Wow! Can you believe this weather for the end of January? The temperatures are to reach into the 60 degree mark. So, how could I stay home this day with weather seemingly spring-like? The answer is.. I couldn’t!
I had some errands to run so I incorporated the trip into a nice walk along the Armstrong Trail. I parked just north of Kittanning, Pennsylvania and began a long hike. I turned around to return just a little south of Mosgrove. The walk ended up being approximately eight miles long. Invigorating!
The Allegheny River was known by the French during the years prior and during the French and Indian War as the “Belle Rivera”. (mid-eighteenth century) The English translation is, Beautiful River. Indeed, the river is beautiful! The river was known for years as the Ohio river too. Later, individuals separated the two giving the Allegheny River the name.
This morning the river appeared as a sheet of glass. Yes, the waters were moving, but the absence of wind made the river look smooth. Any reflections were still and obvious! Later, as I was walking back the winds picked up causing surface disturbances.
Mammals were few. I, only, saw one gray squirrel. Bird life, however, was a little more prevalent. I saw a flock of 30 or so Canada geese. I saw and heard winter wrens and crows. Other species I witnessed were the junco; chickadee and goldfinches.
The wooded ares between the trail and the river had many signs of beaver activity. Some were old and weathered and others rather recent. These beavers are bank beavers since they usually build their lodge against the water’s bank and tunnel.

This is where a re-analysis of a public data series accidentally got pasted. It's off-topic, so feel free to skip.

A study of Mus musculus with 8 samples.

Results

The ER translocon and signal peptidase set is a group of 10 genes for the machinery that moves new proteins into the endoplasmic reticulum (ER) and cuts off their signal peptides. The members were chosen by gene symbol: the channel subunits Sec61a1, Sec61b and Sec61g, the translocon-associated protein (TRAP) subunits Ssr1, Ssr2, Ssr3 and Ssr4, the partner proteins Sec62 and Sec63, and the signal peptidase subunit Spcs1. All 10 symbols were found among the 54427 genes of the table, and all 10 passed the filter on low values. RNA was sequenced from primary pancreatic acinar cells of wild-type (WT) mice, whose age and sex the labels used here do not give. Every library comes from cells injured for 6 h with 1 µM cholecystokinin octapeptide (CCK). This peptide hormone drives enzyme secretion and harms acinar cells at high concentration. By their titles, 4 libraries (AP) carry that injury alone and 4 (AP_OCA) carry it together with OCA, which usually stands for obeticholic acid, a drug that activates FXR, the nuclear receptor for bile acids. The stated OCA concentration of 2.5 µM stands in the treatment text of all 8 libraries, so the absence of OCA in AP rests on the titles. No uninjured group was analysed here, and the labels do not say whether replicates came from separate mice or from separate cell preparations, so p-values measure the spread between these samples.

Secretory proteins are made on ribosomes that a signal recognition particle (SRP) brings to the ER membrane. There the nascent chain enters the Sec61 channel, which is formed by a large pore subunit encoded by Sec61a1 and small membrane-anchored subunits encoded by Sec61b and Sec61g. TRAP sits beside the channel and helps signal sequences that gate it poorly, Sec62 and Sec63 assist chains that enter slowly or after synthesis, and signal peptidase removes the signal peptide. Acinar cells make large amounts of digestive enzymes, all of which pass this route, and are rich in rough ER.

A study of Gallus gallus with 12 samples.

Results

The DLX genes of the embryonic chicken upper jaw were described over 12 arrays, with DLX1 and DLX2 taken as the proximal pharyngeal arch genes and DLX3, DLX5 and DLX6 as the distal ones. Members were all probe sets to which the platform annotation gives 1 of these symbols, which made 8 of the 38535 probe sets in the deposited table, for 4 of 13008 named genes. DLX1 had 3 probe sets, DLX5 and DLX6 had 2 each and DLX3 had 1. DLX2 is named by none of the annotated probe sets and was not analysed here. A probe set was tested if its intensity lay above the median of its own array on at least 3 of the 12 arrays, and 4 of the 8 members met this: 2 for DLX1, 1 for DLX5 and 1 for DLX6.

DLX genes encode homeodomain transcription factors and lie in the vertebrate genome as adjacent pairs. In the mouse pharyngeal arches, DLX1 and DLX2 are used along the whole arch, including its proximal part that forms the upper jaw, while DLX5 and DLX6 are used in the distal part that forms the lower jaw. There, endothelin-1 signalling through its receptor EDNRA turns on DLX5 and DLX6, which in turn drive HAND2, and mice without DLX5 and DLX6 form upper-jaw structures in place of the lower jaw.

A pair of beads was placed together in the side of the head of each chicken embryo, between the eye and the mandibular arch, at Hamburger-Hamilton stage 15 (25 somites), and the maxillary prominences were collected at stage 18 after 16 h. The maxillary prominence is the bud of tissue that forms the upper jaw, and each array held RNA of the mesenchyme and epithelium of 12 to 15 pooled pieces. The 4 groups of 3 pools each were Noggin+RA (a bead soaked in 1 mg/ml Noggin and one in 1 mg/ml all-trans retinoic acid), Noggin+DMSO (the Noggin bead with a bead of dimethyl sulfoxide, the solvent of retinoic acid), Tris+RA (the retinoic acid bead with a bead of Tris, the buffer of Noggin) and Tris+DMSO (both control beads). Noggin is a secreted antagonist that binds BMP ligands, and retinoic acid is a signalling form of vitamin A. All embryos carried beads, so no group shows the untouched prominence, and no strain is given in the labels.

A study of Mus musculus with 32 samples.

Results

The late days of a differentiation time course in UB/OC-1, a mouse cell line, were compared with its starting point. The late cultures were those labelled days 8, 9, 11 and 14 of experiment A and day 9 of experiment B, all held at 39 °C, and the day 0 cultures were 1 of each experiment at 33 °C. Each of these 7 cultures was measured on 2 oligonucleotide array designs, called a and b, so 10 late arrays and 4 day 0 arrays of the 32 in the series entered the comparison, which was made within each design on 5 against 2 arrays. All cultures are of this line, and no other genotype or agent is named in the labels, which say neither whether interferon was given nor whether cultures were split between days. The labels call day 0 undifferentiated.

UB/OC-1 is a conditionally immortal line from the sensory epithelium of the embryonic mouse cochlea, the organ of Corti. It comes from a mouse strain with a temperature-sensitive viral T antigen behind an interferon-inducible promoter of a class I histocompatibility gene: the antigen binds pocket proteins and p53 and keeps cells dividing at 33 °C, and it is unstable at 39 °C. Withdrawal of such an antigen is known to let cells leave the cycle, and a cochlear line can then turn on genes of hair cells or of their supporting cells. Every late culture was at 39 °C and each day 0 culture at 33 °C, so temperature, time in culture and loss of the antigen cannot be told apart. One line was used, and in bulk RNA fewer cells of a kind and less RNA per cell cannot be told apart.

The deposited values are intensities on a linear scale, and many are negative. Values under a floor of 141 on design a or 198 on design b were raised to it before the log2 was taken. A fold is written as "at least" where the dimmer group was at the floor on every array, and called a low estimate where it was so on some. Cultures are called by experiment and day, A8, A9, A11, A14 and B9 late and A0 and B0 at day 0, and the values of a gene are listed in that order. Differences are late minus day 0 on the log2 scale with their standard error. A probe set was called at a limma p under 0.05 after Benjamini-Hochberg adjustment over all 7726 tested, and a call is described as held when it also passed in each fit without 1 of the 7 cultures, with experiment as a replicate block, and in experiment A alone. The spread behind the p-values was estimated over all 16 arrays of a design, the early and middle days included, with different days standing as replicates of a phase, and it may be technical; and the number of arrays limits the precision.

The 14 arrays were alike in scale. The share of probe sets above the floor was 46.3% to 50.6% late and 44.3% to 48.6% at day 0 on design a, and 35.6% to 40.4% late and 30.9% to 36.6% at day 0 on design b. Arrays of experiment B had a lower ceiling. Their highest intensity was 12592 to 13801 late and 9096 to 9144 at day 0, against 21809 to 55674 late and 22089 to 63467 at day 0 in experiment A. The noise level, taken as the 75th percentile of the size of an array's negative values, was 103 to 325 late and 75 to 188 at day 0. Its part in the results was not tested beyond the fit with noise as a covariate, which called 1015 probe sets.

Ancient human activity too can be seen along this route. One such site displays a high rock wall. This was , probably a coke furnace site in times past since lots of slag can be viewed too. I always find the construction of the early men to amaze me. I can’t help wondering how working men maneuvered those big rocks into place. I, also wonder why their construction outlasts more modern works. This is especially true when you realize the plans for newer construction are, no doubt, figured out by college engineers! Makes one think!
The walk lasted close to three hours with a steady pace. Upon my return home the task of cleaning up sawdust from the garage was needed. I have been replacing and adding mouldings and the dust was everywhere.
I am seeing daffodils pushing through the soil. The maple buds are in place waiting for the proper time. Spring, regardless of the remaining winter weather, is coming soon!